COVID-19 vaccines

Philippines gets its first Moderna vaccine doses

Sofia Tomacruz

This is AI generated summarization, which may have errors. For context, always refer to the full article.

Philippines gets its first Moderna vaccine doses

DELIVERY. The Philippines' first shipment of the Moderna COVID-19 vaccine arrives at the Ninoy Aquino International Airport on June 27, 2021.


The Philippines receives an initial 249,600 Moderna doses, with more deliveries expected July onwards
Philippines gets its first Moderna vaccine doses

The Philippines received its first shipment of Moderna’s coronavirus vaccine on Sunday, June 27, marking the entry of a fifth shot that will be widely used in the government’s immunization drive against COVID-19.

An initial 249,600 Moderna doses arrived at around 11 pm at Terminal 3 of the Ninoy Aquino International Airport.

According to the National Task Force Against COVID-19, 150,000 doses will be given to the Philippine government, while the remaining 99,600 doses will be given to International Container Terminal Services Incorporated (ICTSI).

The Enrique Razon Jr.-led ICTSI spearheaded the private sector effort to pool and purchase Moderna doses in a tripartite deal signed with the American firm and the Philippine government.

A total of 20 million Moderna doses are expected for the Philippines in 2021 – 7 million of which were purchased by the private sector, and 13 million for the government, paid for through multilateral loans from the World Bank.

The latest vaccine shipment brings the total number of doses received by the Philippines since February 28 to about 16.4 million. Moderna is also the fifth brand to be used in the government’s vaccination campaign, following Sinovac, AstraZeneca, Sputnik V, and Pfizer-BioNTech.

Must Read

SCHEDULE: Philippines’ COVID-19 vaccine deliveries

SCHEDULE: Philippines’ COVID-19 vaccine deliveries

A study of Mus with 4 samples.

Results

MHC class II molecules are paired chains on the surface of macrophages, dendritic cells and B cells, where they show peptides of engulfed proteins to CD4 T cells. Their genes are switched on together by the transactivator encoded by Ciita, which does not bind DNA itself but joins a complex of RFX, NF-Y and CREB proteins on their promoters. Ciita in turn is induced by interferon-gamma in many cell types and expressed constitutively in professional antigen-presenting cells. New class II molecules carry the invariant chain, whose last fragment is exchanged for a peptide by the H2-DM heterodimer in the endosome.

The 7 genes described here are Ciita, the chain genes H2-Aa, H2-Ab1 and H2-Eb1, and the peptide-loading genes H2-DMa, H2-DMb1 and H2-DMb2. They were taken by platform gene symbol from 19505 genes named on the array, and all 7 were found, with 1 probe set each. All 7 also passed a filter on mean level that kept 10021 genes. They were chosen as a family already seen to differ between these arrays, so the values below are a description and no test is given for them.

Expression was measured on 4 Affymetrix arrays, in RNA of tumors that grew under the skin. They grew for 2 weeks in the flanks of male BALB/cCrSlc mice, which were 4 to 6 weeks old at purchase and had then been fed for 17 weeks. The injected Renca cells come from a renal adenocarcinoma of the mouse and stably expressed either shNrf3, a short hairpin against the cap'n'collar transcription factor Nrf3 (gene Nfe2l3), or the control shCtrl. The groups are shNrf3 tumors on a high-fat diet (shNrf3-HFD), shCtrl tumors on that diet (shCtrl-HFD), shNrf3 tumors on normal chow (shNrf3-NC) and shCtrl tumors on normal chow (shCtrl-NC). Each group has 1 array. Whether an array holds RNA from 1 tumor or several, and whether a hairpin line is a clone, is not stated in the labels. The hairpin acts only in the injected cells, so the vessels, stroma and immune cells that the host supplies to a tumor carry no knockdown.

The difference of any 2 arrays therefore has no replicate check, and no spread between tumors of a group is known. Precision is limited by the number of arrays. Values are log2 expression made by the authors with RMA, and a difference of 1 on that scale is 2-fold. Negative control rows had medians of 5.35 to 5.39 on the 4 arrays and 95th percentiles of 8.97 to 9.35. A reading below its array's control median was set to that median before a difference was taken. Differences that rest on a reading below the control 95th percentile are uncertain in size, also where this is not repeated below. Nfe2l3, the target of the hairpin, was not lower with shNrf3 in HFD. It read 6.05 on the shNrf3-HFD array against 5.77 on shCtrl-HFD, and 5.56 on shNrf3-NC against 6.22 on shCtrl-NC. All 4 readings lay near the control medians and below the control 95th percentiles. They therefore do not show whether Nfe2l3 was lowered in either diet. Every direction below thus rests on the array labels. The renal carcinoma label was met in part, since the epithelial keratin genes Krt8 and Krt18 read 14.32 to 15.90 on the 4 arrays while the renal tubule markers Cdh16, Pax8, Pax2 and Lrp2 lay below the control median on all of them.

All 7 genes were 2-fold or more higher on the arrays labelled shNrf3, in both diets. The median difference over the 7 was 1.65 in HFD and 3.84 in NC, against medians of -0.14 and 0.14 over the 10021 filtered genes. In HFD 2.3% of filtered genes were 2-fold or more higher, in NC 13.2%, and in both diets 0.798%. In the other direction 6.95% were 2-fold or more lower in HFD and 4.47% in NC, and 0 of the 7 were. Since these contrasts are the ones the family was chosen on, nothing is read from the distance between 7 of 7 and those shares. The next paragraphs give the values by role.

Moderna’s vaccine was initially expected to arrive last Monday, June 21, but there were issues with transportation and the company’s storage facility. Despite this, Philippine Ambassador to the United States Jose Manuel “Babe” Romualdez had given assurances that deliveries would be “continuous” from July onwards.

The Philippines’ Food and Drug Administration earlier cleared Moderna’s vaccine for emergency use in the country on May 5, in one of the agency’s quickest approvals done in just 10 days. 

FDA Director General Eric Domingo said the agency was able to fully evaluate and approve Moderna’s vaccine faster than the 21 days allotted for reviewing COVID-19 vaccines or drugs for emergency use because the company submitted complete documents.

Must Read

TRACKER: The Philippines’ COVID-19 vaccine distribution

TRACKER: The Philippines’ COVID-19 vaccine distribution
High performing

Like Pfizer’s vaccine, Moderna’s shot makes use of the messenger RNA or MRNA platform, which is a genetic material that cells read to make proteins. In Phase 3 trials, Moderna’s vaccine demonstrated 94% efficacy in preventing clinical COVID-19 and 100% efficacy against severe disease.

Storage of Moderna’s vaccine would be more complex compared to other jabs as it requires being frozen in colder temperatures, specifically -25°C to -15°C up to expiration. But unlike the Pfizer vaccine, thawed and unopened vials of Moderna’s shot may be kept longer in standard refrigerated temperatures of 2°C to 8°C for 30 days, making it easier to handle in countries like the Philippines equipped with such storage facilities.

Moderna’s vaccine was developed with the United States National Institutes of Health. 

Aside from Moderna’s vaccine, the Philippines expects to receive more shipments from Sinovac, the Gamaleya Research Institute, and the global COVAX Facility for the remainder of June.

Since the Philippines launched its immunization drive on March 1, around 5.75% of the country’s population have received the first of two doses. Those who are fully vaccinated represent around 1.98% of the population, as of June 6. –

Add a comment

Sort by

There are no comments yet. Add your comment to start the conversation.

Summarize this article with AI
Download the Rappler App!
Sleeve, Clothing, Apparel


Sofia Tomacruz

Sofia Tomacruz covers defense and foreign affairs. Follow her on Twitter via @sofiatomacruz.